I'm really hoping this forum can help me figure out a question I've been wrestling with.

    I have a mortgage on my primary residence:
    Fixed rate @ 3.375%
    Balance $340k
    Home value $700k

    I have a second mortgage on some land:
    Adjustable rate @ 4.125%
    Balance $105k
    Land value $150k

    The rate on the ARM is increasing to 5.625% in May, and over its life could increase to over 10%. I knew this up front, of course, but didn't expect such a big jump so soon.

    Today I spoke with the servicing company on my first (fixed rate) mortgage about the possibility of doing a cash-out refinance to combine these two loans into one at a fixed rate. They gave me the following options:

    1. 15 year @ 3.875% (1 pt) - closing costs $9.3k
    2. 30 year @ 4.250% (1.5 pts) - closing costs $11.8k
    3. 30 year @3.875% (4 pts) - closing costs $23.7k

    I'm hesitant to give up the lower interest rate on the loan that represents 3/4 of my total mortgage debt, but I'm also worried that the ARM will keep increasing and I can't figure out the best way to compare these options. What would you do if you were me?

    Thanks so much for any advice!

    #2
    If I went through with something like this, I don't think I would be paying any points.

    why do you have to combine the two?

    how many years are left on your primary home's mortgage/when did the loan start?

    can you get a HEL** to pay off the land? is that different than what you plan to do?
    Last edited by Jluke; 03-06-2018, 07:42 AM. Reason: **used the wrong term; not HELOC

    Comment


      #3
      Originally posted by Jluke View Post
      If I went through with something like this, I don't think I would be paying any points.

      why do you have to combine the two?

      how many years are left on your primary home's mortgage/when did the loan start?

      can you get a HELOC to pay off the land? is that different than what you plan to do?
      Thanks for the reply.

      I have 18 years left on my primary mortgage (was originally 30yr).

      I suppose I could do a HELOC but I'm unfamiliar so would have to do some homework.

      Comment


        #4
        Originally posted by Jluke View Post
        can you get a HELOC to pay off the land? is that different than what you plan to do?
        Originally posted by Elementary View Post
        I suppose I could do a HELOC but I'm unfamiliar so would have to do some homework.
        I wouldn't do a HELOC since that is just another name for an adjustable rate mortgage. You'll have the same problem with rising interest rates.

        What you could do is a HEL - Home Equity LOAN. That is a fixed rate loan.
        Steve

        * Despite the high cost of living, it remains very popular.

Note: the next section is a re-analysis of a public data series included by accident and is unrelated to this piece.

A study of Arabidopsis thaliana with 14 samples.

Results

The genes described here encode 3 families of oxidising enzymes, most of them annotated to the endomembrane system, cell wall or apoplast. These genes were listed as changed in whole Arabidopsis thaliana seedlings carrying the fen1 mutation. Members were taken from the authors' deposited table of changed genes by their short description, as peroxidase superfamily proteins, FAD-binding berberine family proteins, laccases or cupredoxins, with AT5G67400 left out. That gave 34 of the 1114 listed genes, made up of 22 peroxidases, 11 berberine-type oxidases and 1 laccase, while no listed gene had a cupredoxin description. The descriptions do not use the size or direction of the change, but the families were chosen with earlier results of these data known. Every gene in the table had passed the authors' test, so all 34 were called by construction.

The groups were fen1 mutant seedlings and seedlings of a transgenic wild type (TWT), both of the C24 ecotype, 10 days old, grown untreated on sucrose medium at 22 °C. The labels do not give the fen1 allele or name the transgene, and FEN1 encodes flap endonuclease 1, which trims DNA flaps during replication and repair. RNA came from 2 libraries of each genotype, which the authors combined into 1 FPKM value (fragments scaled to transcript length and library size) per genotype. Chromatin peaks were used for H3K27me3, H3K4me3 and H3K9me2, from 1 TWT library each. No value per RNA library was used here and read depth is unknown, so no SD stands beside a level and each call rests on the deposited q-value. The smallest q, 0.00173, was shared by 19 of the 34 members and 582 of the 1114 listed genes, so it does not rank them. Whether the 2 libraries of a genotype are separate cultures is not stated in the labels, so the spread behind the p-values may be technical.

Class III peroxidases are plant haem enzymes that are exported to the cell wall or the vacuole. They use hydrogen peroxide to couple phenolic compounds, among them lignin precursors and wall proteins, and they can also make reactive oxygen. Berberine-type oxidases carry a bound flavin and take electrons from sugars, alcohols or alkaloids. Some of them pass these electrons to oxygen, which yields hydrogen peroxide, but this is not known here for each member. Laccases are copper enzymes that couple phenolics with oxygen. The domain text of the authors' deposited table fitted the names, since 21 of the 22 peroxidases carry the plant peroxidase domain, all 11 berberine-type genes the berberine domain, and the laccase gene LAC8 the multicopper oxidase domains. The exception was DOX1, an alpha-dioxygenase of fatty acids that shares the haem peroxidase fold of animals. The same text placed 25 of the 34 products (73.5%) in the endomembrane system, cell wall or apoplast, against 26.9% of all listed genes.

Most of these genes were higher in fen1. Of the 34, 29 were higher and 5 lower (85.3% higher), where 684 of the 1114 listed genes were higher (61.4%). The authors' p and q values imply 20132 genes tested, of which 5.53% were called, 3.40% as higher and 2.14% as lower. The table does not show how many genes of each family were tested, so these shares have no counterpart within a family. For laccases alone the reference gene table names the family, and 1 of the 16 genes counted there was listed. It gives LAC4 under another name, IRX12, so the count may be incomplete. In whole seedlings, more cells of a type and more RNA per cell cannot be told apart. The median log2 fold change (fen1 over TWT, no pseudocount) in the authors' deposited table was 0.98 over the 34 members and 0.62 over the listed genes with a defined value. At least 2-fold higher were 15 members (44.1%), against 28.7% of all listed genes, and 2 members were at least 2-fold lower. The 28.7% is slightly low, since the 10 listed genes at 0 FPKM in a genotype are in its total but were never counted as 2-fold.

* Why should I pay for my daughter's education when she already knows everything?
        * There are no shortcuts to anywhere worth going.

          Originally posted by disneysteve View Post
          I wouldn't do a HELOC since that is just another name for an adjustable rate mortgage. You'll have the same problem with rising interest rates.

          What you could do is a HEL - Home Equity LOAN. That is a fixed rate loan.
          Thanks!

          I looked into this and rates for 15 or 20 year loans seem to be in the 6% range. Might be better off just taking my chances with the ARM. Or going through with the refi.

          Comment


            #6
            What is the purpose of the land?
            Are you earning money from holding it via some sort of a lease?
            If not, then you may want to consider selling it.
            Brian

            Comment


              #7
              Originally posted by bjl584 View Post
              What is the purpose of the land?
              Are you earning money from holding it via some sort of a lease?
              If not, then you may want to consider selling it.
              I bought it because I want to build a vacation home on it. Got it at a great price in a fantastic location. I'm not considering selling it.

              Comment


                #8
                Just coming back to say a different company offered me a no-cost cash out refi that keeps my monthly payment essentially flat. Glad I kept looking!

                Comment


                  #9
                  Originally posted by Elementary View Post
                  Just coming back to say a different company offered me a no-cost cash out refi that keeps my monthly payment essentially flat. Glad I kept looking!
                  That's great. It is always a good idea to get a few quotes before making a major financial move like this. What rate are they offering?
                  Steve

                  * Despite the high cost of living, it remains very popular.
                  * Why should I pay for my daughter's education when she already knows everything?
                  * There are no shortcuts to anywhere worth going.

                  Comment


                    #10
                    Originally posted by disneysteve View Post
                    That's great. It is always a good idea to get a few quotes before making a major financial move like this. What rate are they offering?
                    It's a 20-year at 4.125% with all costs covered. You're right it's always a good idea to shop around. Unfortunately, this means I have two new inquiries on my credit report instead of one, but I think I can live with that.

                    Comment


                      #11
                      It usually doesn’t pay to take out a mortgage loan to pay off a mortgage loan. The fees are often atrocious.
                      How can you have any pudding if you don't eat your meat?